Products>Psychedelic Mysticism: Transforming Consciousness, Religious Experiences, and Voluntary Peasants in Postwar America

Psychedelic Mysticism: Transforming Consciousness, Religious Experiences, and Voluntary Peasants in Postwar America



In 1960s America, psychedelics catalyzed a religious awakening defined by compassion, expressed through altruism, and actualized in projects that sought to ameliorate the conditions of the least advantaged among us. In the exact moments that historians and cultural critics often locate as signaling the death knell of the counterculture, Gaskin and The Farm emerged, not as a response to the perceived failures of the hippies, nor as an alternative to sixties politicos, but in an effort to fulfill the religious obligation to help teach the world how to live more harmoniously. Today, as we continue to confront issues of socioeconomic inequality, entrenched differences, widespread violence, and the limits of religious pluralism,
Psychedelic Mysticism serves as a timely reminder of how religion in America can operate as a tool for destabilization and as a means to actively reimagine the very basis of how people relate—such a legacy can aid in our own efforts to build a more peaceful, sustainable, and compassionate world.

Introduction: “Mysticism Sacred and Profane”: Psychedelics, Hippies, and the Limits of Representation
Seeing Differently: Hippies and Problems of Representation
Psychedelic Consciousness and a Perennial Altruism
Chapter Breakdown

Chapter One: “Exploring the Borderlands of the Mind”: Aldous Huxley, Transforming Consciousness, and Mapping Psychedelic Mysticism
Huxley and a Psychonautic Topography
Writing the Ineffable
Mapping the “Sacramental Vision of Reality”
From the Religious Mind of Huxley to the Altruistic Heart of Psychedelic Mystics

Chapter Two: “A Necessary but Not Sufficient Condition”: Psychedelic Mysticism, Perennial Oneness, and Questions of Authenticity
From Material Hedonism to Mystical Liminality
Perennialism, Comparative Mysticism, and Psychedelic Consciousness
Psychedelic Mysticism: Universally Available or Culturally Contingent?
From Psychedelic Mysticism to Entheogenic Religion—A Case Study

Chapter Three: “Awakened from a Long Ontological Sleep”: Timothy Leary, Deconditioning the Game, and Ecstatic Therapy
Acid Casualties, Mediated Images, and an “Empirical Metaphysics”
The Games of Life, Psychedelic Therapy, and Spiritual Efficacy
Religious Awakening and Changing Behavior
The Concord Prison Experiment—A Case Study

Chapter Four: “Trust your Divinity, Trust your Brain, Trust your Companions”: Psychedelic Manuals, Entheogens, and the Flowering of a Perennial Religion
Appropriating Beliefs and the Challenge of Mystical Release
“A Journey to New Realms of Consciousness”: An Ethics of Use
The Bardos and the Mystical Form of Psychedelic Consciousness
Psychedelic Manuals, Unitive Therapy, and the Void

Conclusion: “This Season’s People”: Stephen Gaskin, Psychedelic Unity, and a Religious Community of Social Justice
Psychedelics, Religion, and Moral Living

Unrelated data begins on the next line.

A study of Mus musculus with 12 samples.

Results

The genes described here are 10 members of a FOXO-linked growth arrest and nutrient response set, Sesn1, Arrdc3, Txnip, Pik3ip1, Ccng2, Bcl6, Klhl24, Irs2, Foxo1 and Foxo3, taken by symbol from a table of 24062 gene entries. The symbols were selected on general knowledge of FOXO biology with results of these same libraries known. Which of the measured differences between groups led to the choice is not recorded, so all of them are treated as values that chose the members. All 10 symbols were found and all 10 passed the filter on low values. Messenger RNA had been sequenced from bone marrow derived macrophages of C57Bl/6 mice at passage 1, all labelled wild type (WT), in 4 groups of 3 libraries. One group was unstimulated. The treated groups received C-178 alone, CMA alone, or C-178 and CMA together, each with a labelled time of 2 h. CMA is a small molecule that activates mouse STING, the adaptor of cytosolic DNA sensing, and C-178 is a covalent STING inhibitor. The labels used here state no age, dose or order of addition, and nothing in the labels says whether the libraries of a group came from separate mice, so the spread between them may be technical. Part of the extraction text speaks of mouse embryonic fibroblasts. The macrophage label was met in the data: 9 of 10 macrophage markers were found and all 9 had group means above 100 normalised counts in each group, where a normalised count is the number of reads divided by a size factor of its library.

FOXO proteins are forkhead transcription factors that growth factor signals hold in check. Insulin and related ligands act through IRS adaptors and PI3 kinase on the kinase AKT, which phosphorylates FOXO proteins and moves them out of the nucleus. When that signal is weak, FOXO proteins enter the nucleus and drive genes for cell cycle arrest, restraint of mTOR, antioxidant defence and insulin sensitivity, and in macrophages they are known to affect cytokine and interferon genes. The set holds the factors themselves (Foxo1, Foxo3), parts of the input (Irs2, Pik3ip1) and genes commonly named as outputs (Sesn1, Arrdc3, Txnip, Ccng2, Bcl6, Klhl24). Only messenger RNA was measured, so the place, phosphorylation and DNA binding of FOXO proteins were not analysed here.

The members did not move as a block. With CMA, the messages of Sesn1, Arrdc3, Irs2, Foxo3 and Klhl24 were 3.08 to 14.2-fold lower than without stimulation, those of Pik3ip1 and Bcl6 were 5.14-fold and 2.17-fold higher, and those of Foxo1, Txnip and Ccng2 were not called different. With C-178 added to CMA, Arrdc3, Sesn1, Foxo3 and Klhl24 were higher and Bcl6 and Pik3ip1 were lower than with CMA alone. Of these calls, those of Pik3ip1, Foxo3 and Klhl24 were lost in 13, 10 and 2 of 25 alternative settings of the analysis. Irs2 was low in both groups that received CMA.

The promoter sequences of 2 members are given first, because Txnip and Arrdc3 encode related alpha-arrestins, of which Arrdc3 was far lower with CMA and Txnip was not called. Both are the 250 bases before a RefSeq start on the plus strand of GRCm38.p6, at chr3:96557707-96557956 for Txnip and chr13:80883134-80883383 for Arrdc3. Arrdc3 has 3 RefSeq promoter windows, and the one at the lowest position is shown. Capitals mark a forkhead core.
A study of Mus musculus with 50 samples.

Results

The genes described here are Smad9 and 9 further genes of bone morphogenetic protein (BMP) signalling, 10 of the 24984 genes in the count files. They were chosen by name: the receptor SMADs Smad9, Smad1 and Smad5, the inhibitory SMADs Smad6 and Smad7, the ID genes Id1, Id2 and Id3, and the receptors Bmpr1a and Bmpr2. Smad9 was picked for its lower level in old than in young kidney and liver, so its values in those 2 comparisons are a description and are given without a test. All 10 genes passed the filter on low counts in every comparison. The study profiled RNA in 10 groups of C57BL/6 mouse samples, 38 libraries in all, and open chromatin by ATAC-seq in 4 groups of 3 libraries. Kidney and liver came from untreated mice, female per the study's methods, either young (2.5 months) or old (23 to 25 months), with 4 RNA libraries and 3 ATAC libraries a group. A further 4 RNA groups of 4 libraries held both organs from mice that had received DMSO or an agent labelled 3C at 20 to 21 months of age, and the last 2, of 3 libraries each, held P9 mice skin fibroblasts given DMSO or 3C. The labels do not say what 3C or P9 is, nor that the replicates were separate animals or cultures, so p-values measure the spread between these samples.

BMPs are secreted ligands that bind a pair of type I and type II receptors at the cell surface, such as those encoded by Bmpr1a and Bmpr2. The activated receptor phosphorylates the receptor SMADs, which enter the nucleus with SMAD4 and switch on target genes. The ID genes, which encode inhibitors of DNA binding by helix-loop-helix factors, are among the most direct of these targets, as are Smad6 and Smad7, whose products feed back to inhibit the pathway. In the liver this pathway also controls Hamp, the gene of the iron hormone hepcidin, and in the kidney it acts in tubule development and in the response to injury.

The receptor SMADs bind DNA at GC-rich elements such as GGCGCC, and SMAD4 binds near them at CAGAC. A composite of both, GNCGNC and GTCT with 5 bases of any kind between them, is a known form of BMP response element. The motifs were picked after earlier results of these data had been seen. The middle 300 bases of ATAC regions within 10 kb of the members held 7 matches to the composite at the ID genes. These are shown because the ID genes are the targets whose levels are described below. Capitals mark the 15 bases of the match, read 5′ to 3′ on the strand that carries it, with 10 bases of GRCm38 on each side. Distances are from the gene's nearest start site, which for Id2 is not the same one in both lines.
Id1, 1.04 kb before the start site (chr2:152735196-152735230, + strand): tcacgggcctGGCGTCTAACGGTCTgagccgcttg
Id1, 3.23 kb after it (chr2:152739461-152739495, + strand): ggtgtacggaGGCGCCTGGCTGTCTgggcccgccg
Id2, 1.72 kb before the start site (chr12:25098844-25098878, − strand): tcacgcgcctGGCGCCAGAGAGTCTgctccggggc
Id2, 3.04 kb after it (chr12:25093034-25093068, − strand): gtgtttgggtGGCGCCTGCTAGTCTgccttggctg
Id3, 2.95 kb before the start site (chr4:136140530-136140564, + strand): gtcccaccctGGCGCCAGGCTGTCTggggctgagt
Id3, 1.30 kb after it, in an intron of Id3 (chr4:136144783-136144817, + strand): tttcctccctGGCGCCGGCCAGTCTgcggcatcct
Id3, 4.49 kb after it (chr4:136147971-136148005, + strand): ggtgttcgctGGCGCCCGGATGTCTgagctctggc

Psychedelic Communality and Religious Interbeing
Psychedelic Religiosity as “Right Vocation”
Standing “Behind his Principles”: Sacralizing Praxis

Bibliography

Morgan Shipley’s new book, Psychedelic Mysticism: Transforming Consciousness, Religious Experiences, and Voluntary Peasants in Postwar America, is going to prove quite helpful in my attempt to persuade my students to take seriously the connections between psychedelic drugs, religious awakenings, and countercultural ways of living during the 1960s. The goal of the book, according to Shipley, is “to expand how we understand the religious efficacy of psychedelics, specifically in terms of the perennial interpretations that emerged as a means for fundamentally reordering the makeup of modern society” (3).... Shipley achieves this goal and supports his argument masterfully.... Most impressive about Shipley’s book is the author’s willingness to use his research to confront both historical and popular misconceptions about the 1960s.... Shipley’s book is a testament to the importance of paying attention to psychedelic religion and offers an alternative way of understanding this pivotal decade in U.S. history.... [This book] will be particularly helpful in undergraduate and graduate courses that focus on the 1960s and on American religious, intellectual, and cultural history. Beyond academia, this book should also be of interest to a sizable segment of the population grappling with the changing role of religion in contemporary American society.

In this fascinating and wide-ranging text, Morgan Shipley notes that in our culture, the use of psychedelics (especially in the 1960s) is often associated with a type of hedonistic and narcissistic turning inwards, a drug-induced pseudo-mysticism that deflected energy from the political and social activism of the time. Shipley suggests that while “acid casualties” did exist, and are what stand out in our collective memory of that time period, in actuality, psychedelics often served as a catalyst for a genuine religious awakening, on both an individual and cultural level.

Shipley does an excellent job of recovering the all-too-often overlooked mystical dimensions of the use of psychedelics, particularly in the 1960s. In addition, his suggestion that the mystical insights that are frequently catalyzed by psychedelics can often lead to ethically and spiritually transformed lives is thoughtful and provocative.

Product Details

  • Title : Psychedelic Mysticism: Transforming Consciousness, Religious Experiences, and Voluntary Peasants in Postwar America
  • Author: Shipley, Morgan
  • Publisher: Lexington Books
  • Publication Date: 2015
  • ISBN: 9781498509107

Morgan Shipley is visiting assistant professor in religious studies at Michigan State University.